Plans to swap bank regs for capital hikes could prove costly
Banking deregulation will be a key legislative objective in the next Congress, with Rep. Jeb Hensarling’s (R-Texas) Financial CHOICE Act leading the way.
However, a key premise of financial deregulation — reduced regulatory burden for those banks with less leverage — could have negative unintended consequences for banks, the financial system, and the U.S. economy.
Leverage is the ratio of the value of a bank’s assets (principally loans and investments the bank owns) divided by equity capital invested in the bank by its stockholders.
A bank can reduce its leverage ratio by financing its assets with a larger portion of equity capital and, correspondingly, less debt in the form of deposits and borrowed funds.
Equity capital provides the all-important cushion to absorb losses arising from uncollectible loans and bad investments a bank has made. That cushion, in turn, protects depositors and other creditors of the bank from suffering any loss.
If a bank’s equity cushion is wiped out by losses, then the bank will be insolvent, or in banking parlance, it will have failed.
A lower probability of failure, due to less leverage, justifies reduced regulation intended to prevent insolvency. A lower probability of failure also reduces the risk of loss to the Federal Deposit Insurance Corporation and the amount of premiums it must collect from banks.
However (and this is a critical however), equity capital is more expensive than deposits and other forms of bank debt, such as borrowings in the capital markets.
Since stockholders bear the greatest risk of loss should a bank fail, they demand higher rates of return on their investment in a bank than the rate of interest banks pay on their deposits and other forms of debt.
Additionally, the tax laws favor debt financing over equity financing, which makes equity capital even more expensive than debt financing, incentivizing banks to increase their leverage, and the likelihood of insolvency.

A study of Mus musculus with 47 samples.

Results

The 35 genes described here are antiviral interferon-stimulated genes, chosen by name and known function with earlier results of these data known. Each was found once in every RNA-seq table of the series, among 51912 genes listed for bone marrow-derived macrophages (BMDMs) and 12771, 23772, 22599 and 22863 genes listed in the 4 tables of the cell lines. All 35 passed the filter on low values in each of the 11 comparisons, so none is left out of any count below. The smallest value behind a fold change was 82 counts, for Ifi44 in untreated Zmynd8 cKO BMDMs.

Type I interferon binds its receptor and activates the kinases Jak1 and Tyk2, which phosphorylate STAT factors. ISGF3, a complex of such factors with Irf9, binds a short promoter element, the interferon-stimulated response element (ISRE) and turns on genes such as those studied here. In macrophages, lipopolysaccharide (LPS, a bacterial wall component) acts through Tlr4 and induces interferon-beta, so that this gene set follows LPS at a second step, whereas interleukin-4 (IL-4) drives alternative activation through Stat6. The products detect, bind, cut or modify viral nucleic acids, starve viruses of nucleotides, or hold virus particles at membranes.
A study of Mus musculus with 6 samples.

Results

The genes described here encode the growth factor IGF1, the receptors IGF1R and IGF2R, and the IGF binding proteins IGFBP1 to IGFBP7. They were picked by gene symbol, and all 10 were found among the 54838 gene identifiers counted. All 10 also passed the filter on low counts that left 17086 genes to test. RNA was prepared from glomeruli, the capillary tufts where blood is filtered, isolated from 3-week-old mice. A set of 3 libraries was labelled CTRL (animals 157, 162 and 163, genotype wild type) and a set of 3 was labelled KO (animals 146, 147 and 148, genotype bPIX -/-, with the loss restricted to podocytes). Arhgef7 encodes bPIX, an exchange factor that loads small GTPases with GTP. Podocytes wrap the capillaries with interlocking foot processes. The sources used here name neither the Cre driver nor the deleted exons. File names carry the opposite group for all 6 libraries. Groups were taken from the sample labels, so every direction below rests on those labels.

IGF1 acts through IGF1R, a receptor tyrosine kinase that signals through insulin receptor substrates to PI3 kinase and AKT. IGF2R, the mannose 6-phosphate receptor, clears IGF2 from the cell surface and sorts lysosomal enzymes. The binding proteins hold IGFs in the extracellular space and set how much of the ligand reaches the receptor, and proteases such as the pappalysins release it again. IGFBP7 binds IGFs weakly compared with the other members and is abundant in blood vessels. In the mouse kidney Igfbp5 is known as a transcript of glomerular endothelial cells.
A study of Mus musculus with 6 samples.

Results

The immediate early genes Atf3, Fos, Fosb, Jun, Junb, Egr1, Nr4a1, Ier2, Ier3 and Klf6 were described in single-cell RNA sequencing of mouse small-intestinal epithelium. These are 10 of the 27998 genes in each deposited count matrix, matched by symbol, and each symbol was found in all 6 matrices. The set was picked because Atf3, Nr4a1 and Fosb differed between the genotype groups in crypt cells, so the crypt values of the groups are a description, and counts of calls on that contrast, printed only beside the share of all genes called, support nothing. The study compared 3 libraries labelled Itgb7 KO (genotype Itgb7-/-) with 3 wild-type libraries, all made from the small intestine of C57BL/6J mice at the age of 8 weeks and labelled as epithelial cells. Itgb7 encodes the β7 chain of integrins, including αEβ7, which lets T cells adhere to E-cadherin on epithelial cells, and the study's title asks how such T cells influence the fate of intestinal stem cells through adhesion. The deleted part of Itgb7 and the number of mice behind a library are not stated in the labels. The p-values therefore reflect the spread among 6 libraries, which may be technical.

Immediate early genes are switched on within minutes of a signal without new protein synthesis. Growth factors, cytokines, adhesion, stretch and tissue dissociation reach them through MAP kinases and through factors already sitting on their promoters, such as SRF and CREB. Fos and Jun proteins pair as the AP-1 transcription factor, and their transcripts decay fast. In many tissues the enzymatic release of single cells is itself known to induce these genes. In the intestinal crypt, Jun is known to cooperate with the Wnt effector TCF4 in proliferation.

All other things being equal, higher bank capital requirements will incentivize the capital markets to finance loans and other forms of debt outside regulated banks, in the world of shadow banking.
That will occur since shadow banking tolerates higher leverage for a given level of risk than do bank regulators. Securitizing subprime home mortgages, instead of a bank holding those mortgages on its balance sheet, is an example of shadow banking.
The last financial crisis erupted in shadow banking and then quickly infected the highly regulated banks. Worse, shadow banking is much more opaque than the highly regulated banking sector, which means that nasty surprises are much more likely to occur in the former.
Presumably, reducing costly regulation will compensate banks for decreasing their leverage, but that is an as yet untested proposition.
If higher capital requirements are not offset by less costly regulation and/or lower taxes on equity capital, then shadow banking will grow again, after having shrunk in the aftermath of the last financial crisis. Regulated banking will shrivel, setting the United States up for its next financial crisis.
Three important caveats apply to any proposal to reduce bank leverage. First, a bank’s assets and equity capital must be properly valued at all times.
Losses in asset value reduce the value of a bank’s equity capital, thereby increasing its leverage, which in turn increases its probability of failure. History has repeatedly shown that failed banks overstated the value of their assets because of unrecognized losses.
Second, higher capital requirements (that is, reduced leverage) targeted at the very largest banks must simply be viewed as a technique for forcing the largest banks to downsize. Higher capital requirements will make the largest banks less competitive relative to smaller banks and other channels of financial intermediation.
Whether the largest banks should be forced to downsize is highly debatable.
Third, higher capital requirements will not eliminate all bank failures. In fact, forcing banks to reduce their leverage by holding more expensive equity capital relative to their assets may have the perverse effect of incentivizing some banks to take more risk in order to pay for that more expensive capital.
Increased risk increases the probability of failure. As the old saying goes, there is no free lunch. That is especially true in the banking business.
Bert Ely is a principal of Ely & Company, Inc., where he monitors conditions in the banking and thrift industries, monetary policy, the payments system, and the growing federalization of credit risk.